Pandora papers could serve as a signal for business to the abandonment of offshore

Hundreds of thousands of organizations and individuals around the world allocate capital in other states, including offshore. All of this primarily happens to get advantages due to tax exemptions on a legal basis. According to the IMF, there are over 60 countries in the world that are offshore zones. There are also a dozen countries where separate regions and even cities are offshore.

The offshore world consists of dozens of zones. Some of them are very “dubious”. These are mainly island offshore – public companies and persons who value their reputation, try to stay away from such offshore as Panama, Cayman Islands, Seychelles, Bermuda, British Virgin Islands, etc., although they have the most favourable tax regimes and minimum reporting requirements.

But it is precisely such offshore structures that are the subject of recent high-profile investigations like Pandora Papers or Panama papers, published earlier in 2016.

The Pandora Papers is the name given to a journalistic investigation provided by the International Consortium of Investigative Journalists based on a major leak of confidential documents from 14 offshore service providers dedicated to the creation of companies in countries such as British Virgin Islands, Panama, Belize, Cyprus, United Arab Emirates, Singapore and Switzerland. The data was obtained in Washington DC and has led to one of the biggest ever global investigations. More than 600 journalists from 117 countries have looked at the hidden fortunes of some of the most powerful people on the planet. 

Placing assets offshore allows companies to pay less taxes in their own country by placing capital in another law tax jurisdiction. The best-known offshore havens in the world are Switzerland, Hong Kong, Singapore, USA, Channel Islands, UAE, Luxembourg, Great Britain, Monaco, Bahrain.

The scale of offshore zones is impressive, although estimates of the capital held in them vary depending on the calculation methodology. A study published in 2017 estimated that 10% of global GDP was located in offshore companies. If we also count the assets registered with offshore companies, such as art works or vehicles, real estate, and other property, then the amount can be about 20-30 trillion dollars.

However, probably the massive data leakage revealing hidden assets, tax evasion, and, in some cases, money laundering by some of the world’s richest and most powerful people is not accidental.

The end of the era of offshore jurisdictions is now increasingly being felt.

Thanks to the revelations that have accompanied leaks such as this one (for example, the OffshoreLeaks scandal revealed the volume of “gray” capital of about $ 32 trillion in a number of companies registered in Hong Kong, Singapore, and the British Virgin Islands) and due to the mistrust and pressure of the world community and international organizations, efforts in the fight against tax fraud and money laundering have been strengthened. Regulations have appeared such as one protecting whistle-blowers in the European Union, while the exchange of fiscal information between countries has been strengthened.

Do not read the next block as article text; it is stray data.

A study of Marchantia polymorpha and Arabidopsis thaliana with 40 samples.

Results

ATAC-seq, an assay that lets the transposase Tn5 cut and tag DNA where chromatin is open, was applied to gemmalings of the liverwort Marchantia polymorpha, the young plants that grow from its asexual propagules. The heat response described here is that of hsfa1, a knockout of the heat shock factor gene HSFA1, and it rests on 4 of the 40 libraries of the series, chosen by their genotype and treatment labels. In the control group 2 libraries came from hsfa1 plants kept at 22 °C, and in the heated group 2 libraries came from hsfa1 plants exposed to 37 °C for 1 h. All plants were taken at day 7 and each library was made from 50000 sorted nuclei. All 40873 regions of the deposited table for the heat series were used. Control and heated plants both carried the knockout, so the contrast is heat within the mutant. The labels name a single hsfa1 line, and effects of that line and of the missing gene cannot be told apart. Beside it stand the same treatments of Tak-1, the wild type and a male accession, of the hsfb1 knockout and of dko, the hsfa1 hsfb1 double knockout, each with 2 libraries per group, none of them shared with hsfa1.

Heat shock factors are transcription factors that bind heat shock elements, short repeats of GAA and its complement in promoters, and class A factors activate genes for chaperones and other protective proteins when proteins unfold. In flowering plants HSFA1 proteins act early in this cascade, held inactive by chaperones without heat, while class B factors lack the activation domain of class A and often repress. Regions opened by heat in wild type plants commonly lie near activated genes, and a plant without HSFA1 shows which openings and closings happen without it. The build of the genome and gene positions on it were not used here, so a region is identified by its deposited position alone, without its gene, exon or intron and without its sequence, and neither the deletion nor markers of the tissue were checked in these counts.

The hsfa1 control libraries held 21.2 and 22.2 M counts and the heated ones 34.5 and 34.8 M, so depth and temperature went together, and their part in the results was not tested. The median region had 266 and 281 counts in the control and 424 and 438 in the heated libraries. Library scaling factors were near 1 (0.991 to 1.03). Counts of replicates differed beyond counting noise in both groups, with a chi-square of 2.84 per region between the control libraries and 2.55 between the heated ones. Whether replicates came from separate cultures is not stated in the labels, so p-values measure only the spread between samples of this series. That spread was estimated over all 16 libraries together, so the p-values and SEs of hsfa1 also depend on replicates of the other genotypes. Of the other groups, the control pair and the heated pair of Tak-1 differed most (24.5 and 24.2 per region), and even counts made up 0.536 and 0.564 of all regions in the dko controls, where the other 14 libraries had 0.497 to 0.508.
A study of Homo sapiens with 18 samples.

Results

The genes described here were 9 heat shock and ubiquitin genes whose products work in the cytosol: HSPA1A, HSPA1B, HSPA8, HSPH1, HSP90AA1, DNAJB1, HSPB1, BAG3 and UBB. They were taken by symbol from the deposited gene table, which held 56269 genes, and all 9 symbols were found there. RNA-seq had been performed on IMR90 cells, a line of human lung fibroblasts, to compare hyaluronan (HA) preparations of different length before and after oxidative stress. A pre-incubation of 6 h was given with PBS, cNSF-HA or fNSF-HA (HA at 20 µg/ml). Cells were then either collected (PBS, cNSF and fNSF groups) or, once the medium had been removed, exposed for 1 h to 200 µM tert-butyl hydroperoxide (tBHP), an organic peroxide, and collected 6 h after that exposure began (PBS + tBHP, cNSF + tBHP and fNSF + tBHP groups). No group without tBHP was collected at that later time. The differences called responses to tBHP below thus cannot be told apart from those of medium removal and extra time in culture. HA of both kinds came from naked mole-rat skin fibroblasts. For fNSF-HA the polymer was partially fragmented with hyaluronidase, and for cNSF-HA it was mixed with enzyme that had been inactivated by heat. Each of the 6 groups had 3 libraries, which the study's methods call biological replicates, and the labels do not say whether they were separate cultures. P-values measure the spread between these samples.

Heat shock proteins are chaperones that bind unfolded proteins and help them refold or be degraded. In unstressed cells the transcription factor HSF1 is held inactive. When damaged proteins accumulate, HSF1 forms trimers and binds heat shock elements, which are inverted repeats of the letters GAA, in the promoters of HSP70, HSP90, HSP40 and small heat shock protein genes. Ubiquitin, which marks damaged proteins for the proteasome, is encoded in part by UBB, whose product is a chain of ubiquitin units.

The Organisation for Economic Co-operation and Development (OECD) is the dominant standard setter for information exchange and bolster international efforts to fight against offshore tax evasion.

The OECD/G20 BEPS Project was born in the wake of the global financial crisis, shrinking public budgets and growing public outcry over tax evasion and tax avoidance practices. In 2015, OECD and G20 countries – along with other stakeholders – created a package of 15 actions and related solutions to tackle BEPS. Since then, the work has continued and the number of countries involved has grown, with over 135 jurisdictions today working together on an equal footing in the Inclusive Framework on BEPS. In addition to implementing the BEPS minimum standards, they are tackling the income tax challenges arising from the digitalisation of the economy to ensure that all businesses – not just those in the digital sector – pay their fair share of tax where they have activities and where they earn their profits. 132 countries and jurisdictions have joined a new two-pillar plan to reform international taxation rules and ensure that multinational enterprises pay a fair share of tax wherever they operate with a minimum rate of at least 15%.

It is no longer possible to operate offshore under previous arrangements. Over the past few years, many offshore jurisdictions have had to overhaul their legislation in the light of the recommendations of international organizations to combat money laundering.  The main results were an increase in the transparency of corporate structures, a tightening of financial and banking regulations, the disclosure of information on the ultimate beneficiaries and the interstate exchange of tax information. The number of offshore companies is decreasing, the cost of doing business offshore is increasing, all this makes the registration of companies in their territories less attractive.

In our view, along with tighter legislation in the field of offshore regulation, there may be measures to legalize certain markets and return capital to the countries of the origin, for example, through tax amnesties.

It is not possible to completely eradicate the offshore business, however, the most likely development will be a gradual tightening of regulations and strengthening the fight against the use of offshore companies for the purpose of money-laundering through criminal and tax minimization.

Thus, the Pandora Papers and similar investigations may become another point towards exposing this injustice and may be another signal for business to move away from offshore activities and return capital to the place where its activities are carried out.